Don't cut costs - manage them

When there is competition in a marketplace, one of the key factors on which businesses typically try to compete is price. But when you wish to lower the price of your product, you usually need to find ways of cutting the costs involved in bringing it to market.

The traditional approach to cost reduction has always been one of trying to control costs during the production, or manufacturing, phase of a product. Unfortunately, this approach is becoming less and less effective.

This is because costs are often effectively determined at the design and development stage, and once a product reaches the factory floor there is often not a great deal you can do to reduce them. Combine this with the trend toward automation and streamlining in the workplace and it leaves very little scope for reducing costs during the manufacturing phase.

With little room to manoeuvre, manufacturers are often left fighting 'rearguard actions' to preserve market share, with reduced profit margins a frequent outcome.

Target costing

Because of these problems, many businesses are now approaching the issue of price from a very different angle. They use 'target costing' to manage costs from the outset rather than attempting to reduce costs that are effectively fixed.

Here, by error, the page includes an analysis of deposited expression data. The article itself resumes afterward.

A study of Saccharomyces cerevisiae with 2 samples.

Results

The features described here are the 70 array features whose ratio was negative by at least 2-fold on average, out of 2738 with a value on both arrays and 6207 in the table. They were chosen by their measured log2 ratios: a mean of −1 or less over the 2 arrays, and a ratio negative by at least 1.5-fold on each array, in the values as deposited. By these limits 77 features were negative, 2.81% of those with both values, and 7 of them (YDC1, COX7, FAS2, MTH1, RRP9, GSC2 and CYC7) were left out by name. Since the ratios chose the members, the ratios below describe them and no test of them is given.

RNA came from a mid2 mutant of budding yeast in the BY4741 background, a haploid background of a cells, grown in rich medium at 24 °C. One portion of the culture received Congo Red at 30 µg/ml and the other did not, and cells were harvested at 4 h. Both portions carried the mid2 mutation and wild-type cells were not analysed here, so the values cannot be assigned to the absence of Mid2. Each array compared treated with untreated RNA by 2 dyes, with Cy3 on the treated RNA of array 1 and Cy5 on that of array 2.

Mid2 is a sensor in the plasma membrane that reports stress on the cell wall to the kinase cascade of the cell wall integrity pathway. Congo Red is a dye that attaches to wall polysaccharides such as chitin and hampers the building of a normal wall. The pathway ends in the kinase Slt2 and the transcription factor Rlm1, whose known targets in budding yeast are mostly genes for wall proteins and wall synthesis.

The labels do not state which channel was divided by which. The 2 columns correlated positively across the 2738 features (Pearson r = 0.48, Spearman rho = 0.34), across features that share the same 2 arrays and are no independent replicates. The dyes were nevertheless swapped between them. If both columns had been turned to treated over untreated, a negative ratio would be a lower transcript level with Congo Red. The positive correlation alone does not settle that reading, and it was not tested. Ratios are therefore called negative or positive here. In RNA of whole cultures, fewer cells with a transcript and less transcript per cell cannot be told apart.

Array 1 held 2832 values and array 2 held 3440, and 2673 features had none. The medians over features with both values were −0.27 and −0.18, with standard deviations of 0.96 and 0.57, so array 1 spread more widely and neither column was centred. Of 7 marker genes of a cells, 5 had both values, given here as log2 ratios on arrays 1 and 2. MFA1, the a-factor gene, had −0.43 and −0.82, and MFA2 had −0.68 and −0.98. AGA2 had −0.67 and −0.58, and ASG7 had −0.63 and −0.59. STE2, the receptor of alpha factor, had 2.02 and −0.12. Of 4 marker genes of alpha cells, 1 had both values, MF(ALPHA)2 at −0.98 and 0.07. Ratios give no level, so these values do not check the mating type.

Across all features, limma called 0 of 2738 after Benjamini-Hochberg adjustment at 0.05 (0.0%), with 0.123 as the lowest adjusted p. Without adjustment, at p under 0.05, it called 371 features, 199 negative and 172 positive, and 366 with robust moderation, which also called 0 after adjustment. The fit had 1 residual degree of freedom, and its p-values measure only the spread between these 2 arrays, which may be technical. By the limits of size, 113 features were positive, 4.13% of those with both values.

When a new product is developed using this strategy, it is essentially market and profit driven. Market research determines the broad specifications for the product and the optimum selling price, and a company-wide profit strategy sets the desired profit.

The calculation is then straightforward:

Selling price - desired profit = target cost.

Different culture

By asking, 'What should the product cost?' rather than, 'What does it cost?' this approach creates a very different culture in the business and has an empowering effect throughout the whole organisation.

Right from the start, even before the designer sits at his or her desk, the cost parameters of the product are set and the challenge is for everyone involved in design, development, production, and marketing to work together to meet that target cost.

Closing the gap between estimated costs and target costs can be a very creative and stimulating exercise that keeps everyone focused on managing costs, improving products, and streamlining processes.

Profit management strategy

Target costing works best as part of broader profit management strategy in which products are grouped together, with overall profit targets set for each group and profit margins traded between individual products depending upon which stage of the product cycle they are at.

An essential component of this profit management strategy is the use of return on sales (ROS) rather than return on investment (ROI) to determine the desired profit from a new product.

This measure gives much greater flexibility in a marketplace, for example, where multiple products with short life cycles are produced at low volume. The traditional measurement of ROI is much less effective in such an environment.

With frequent ROS reports it is possible to switch emphasis from one product to another in that group, thus giving much greater flexibility in responding to changes in the marketplace.

In the driving seat

Target costing as part of an overall profit management strategy puts you in the driving seat, keeps you focused on increasing market share, raises the standard of excellence, and helps to create a culture of continuous improvement in the business.